The Bowens in New YorkThe Rest of the Year
The Bowen family spent several months each year in Woodstock at their summer home, Roseland Cottage. The rest of the year, they lived in Brooklyn, New York, and Henry traveled daily to Manhattan, where his newspaper and silk/dry goods businesses were located. Despite Henry’s Woodstock roots, this was a Brooklyn family, happy to spend summers in the cooler, more relaxed country atmosphere, but their center of gravity was New York. Furniture for Roseland was made and shipped from New York. They were founding and faithful members of first Pilgrim and then Plymouth Churches in Brooklyn, for which they provided generous financial support. Lucy gave birth to all her children in Brooklyn. And the clubs and entertainments enjoyed by family members were centered in New York. Henry’s involvement in the planning of Roseland Cottage, his interest in ecclesiastical architecture, and his belief in taking a responsible role in making towns attractive leave little doubt that his homes and offices in Manhattan and Brooklyn would be stylish buildings.
A Family Favorite
This lantern hangs in the hall of Roseland Cottage, and is a reminder of the family’s attachment to Brooklyn. It commemorates the opening of the Brooklyn Bridge in 1883. The Bowens, who watched the building of the bridge from their Brooklyn home, took part in the parade across the bridge on opening day along with thousands of others. The lamp was made to be fueled by gas, but Woodstock and Roseland Cottage never had access to gas, so it was adapted by the family, probably to oil, and then adapted again to electricity when that technology reached Woodstock Hill.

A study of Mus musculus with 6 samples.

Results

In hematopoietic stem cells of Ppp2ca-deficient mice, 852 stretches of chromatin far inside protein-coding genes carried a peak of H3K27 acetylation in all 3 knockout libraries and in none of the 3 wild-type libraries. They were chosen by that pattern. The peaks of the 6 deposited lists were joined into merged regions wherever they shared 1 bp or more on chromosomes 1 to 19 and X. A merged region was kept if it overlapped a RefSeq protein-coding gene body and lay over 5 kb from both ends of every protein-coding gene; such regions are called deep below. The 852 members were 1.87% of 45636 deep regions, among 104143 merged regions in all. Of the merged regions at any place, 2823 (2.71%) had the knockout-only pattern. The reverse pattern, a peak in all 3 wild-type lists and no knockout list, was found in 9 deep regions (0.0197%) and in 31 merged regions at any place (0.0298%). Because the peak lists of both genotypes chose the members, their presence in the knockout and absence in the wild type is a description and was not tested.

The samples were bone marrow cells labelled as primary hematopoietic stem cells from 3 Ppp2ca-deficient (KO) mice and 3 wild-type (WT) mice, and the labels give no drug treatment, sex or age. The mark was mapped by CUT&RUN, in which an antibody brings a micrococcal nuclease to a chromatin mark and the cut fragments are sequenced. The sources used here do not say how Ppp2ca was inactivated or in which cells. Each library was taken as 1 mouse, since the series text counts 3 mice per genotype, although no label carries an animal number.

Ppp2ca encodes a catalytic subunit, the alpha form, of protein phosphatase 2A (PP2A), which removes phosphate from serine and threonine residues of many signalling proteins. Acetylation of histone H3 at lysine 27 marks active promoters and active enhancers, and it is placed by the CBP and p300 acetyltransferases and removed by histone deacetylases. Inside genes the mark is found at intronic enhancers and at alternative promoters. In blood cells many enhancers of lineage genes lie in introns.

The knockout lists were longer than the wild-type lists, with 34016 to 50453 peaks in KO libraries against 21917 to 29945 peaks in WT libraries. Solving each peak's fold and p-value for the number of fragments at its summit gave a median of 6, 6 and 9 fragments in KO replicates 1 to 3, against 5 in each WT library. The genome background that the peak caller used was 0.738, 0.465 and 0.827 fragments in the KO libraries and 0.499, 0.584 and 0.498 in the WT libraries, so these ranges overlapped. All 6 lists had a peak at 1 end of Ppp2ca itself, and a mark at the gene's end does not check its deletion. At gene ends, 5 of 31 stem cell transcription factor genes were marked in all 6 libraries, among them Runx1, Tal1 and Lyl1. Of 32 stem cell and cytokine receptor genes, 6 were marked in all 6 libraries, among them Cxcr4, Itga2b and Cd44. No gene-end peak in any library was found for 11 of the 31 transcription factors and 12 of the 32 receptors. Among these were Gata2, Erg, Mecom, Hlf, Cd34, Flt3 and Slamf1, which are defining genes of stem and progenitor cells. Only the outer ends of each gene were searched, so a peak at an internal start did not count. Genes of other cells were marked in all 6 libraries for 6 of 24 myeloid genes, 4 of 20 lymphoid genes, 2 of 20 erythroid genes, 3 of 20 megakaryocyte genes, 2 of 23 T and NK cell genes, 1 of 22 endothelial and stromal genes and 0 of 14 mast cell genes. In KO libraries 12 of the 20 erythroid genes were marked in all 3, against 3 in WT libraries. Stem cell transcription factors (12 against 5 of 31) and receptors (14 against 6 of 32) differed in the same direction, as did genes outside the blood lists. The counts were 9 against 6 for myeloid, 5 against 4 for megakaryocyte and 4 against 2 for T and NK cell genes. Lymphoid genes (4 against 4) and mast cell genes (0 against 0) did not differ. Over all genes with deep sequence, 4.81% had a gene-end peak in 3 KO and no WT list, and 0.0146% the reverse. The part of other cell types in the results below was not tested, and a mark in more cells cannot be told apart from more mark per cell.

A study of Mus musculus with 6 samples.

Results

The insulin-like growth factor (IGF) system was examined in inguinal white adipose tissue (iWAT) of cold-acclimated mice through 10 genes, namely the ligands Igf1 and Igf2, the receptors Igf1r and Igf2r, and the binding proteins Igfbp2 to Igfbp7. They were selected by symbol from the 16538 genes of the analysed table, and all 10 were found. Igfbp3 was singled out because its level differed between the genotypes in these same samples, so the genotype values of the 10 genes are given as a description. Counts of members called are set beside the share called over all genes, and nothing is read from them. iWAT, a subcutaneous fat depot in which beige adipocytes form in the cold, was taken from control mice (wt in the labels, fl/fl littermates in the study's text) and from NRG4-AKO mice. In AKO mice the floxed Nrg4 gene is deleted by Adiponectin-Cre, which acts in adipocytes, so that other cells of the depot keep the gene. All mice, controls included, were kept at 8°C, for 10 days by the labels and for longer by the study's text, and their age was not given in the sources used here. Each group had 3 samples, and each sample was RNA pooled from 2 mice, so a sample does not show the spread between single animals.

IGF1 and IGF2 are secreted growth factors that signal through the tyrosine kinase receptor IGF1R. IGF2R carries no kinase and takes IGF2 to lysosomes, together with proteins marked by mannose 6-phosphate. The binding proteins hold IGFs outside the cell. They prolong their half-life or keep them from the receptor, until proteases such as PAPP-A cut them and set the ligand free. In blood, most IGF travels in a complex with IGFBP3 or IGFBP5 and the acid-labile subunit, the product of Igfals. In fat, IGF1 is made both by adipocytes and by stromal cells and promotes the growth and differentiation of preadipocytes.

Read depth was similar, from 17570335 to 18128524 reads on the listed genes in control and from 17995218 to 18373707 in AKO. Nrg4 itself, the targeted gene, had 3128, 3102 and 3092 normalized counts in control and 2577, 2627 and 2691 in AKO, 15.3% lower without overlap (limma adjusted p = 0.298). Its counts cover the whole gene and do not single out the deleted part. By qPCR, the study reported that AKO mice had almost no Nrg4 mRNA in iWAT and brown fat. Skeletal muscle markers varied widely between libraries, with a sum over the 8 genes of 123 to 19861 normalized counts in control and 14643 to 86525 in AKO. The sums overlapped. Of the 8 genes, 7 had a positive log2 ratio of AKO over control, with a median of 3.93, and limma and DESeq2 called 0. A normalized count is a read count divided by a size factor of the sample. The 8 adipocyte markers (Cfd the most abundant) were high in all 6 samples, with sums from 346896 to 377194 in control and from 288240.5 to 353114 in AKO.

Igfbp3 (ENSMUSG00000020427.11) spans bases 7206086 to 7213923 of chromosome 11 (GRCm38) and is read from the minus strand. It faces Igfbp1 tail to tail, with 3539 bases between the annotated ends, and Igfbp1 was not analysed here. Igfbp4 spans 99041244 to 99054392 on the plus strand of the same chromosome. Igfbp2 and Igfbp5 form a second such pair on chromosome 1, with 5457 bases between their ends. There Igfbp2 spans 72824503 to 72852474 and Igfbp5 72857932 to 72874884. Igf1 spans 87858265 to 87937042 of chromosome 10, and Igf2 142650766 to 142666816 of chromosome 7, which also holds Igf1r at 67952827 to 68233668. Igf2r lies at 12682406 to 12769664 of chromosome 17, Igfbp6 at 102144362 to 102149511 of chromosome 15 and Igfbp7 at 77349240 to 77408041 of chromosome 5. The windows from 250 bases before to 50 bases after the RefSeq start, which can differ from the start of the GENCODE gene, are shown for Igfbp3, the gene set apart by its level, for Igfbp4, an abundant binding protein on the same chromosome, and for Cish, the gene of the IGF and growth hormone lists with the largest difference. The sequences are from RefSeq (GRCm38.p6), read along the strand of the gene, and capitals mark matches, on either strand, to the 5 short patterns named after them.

Hicks StreetGothic Revival Town House
Willow StreetAn Elegant Home
Corner of Willow And Clark
Brooklyn Heights was an enclave for many former New Englanders. Once Bowen & McNamee was solidly established, in 1854 the Bowens left the Hicks Street row house for 90 Willow Street. They purchased an impressive modified Greek Revival mansion thought to be one of the most elegant in Brooklyn. Henry and Lucy filled it with high style furniture and had elaborate frescoes and other decorations installed. The house, formerly owned by banker and financier David Leavitt, was built in 1844. It occupied half a city block and was known for its colossal Greek Corinthian portico which looked out over the harbor. In 1904, after the death of Ellen Holt, Henry’s second wife, the house was sold, and razed to make way for a hotel which was never built. This view of the imposing columns is actually the back of the house, taken from Columbia Street.
Bowen & McNamee, Silk ImportersManhattan
The businesses that sustained the Bowen family were located in Manhattan, and Henry took the ferry to Manhattan on a regular basis. His primary business for many years was a dry goods and silk importation business established in 1839, specializing “in silks, ribbons, and the best class of fancy dry goods, and Yankee notions,” which he owned with another former Tappan clerk, Theodore McNamee. Bowen & McNamee was an immediate success, which came as no surprise to many. One commentator remarked, “No matter what a venture seems to promise in other hands, it is almost always a mine of wealth when Henry Bowen works it.” Bowen and McNamee built one of the first “marble palace” stores in Manhattan. Before that, they opened shop at the corner of Beaver and Williams.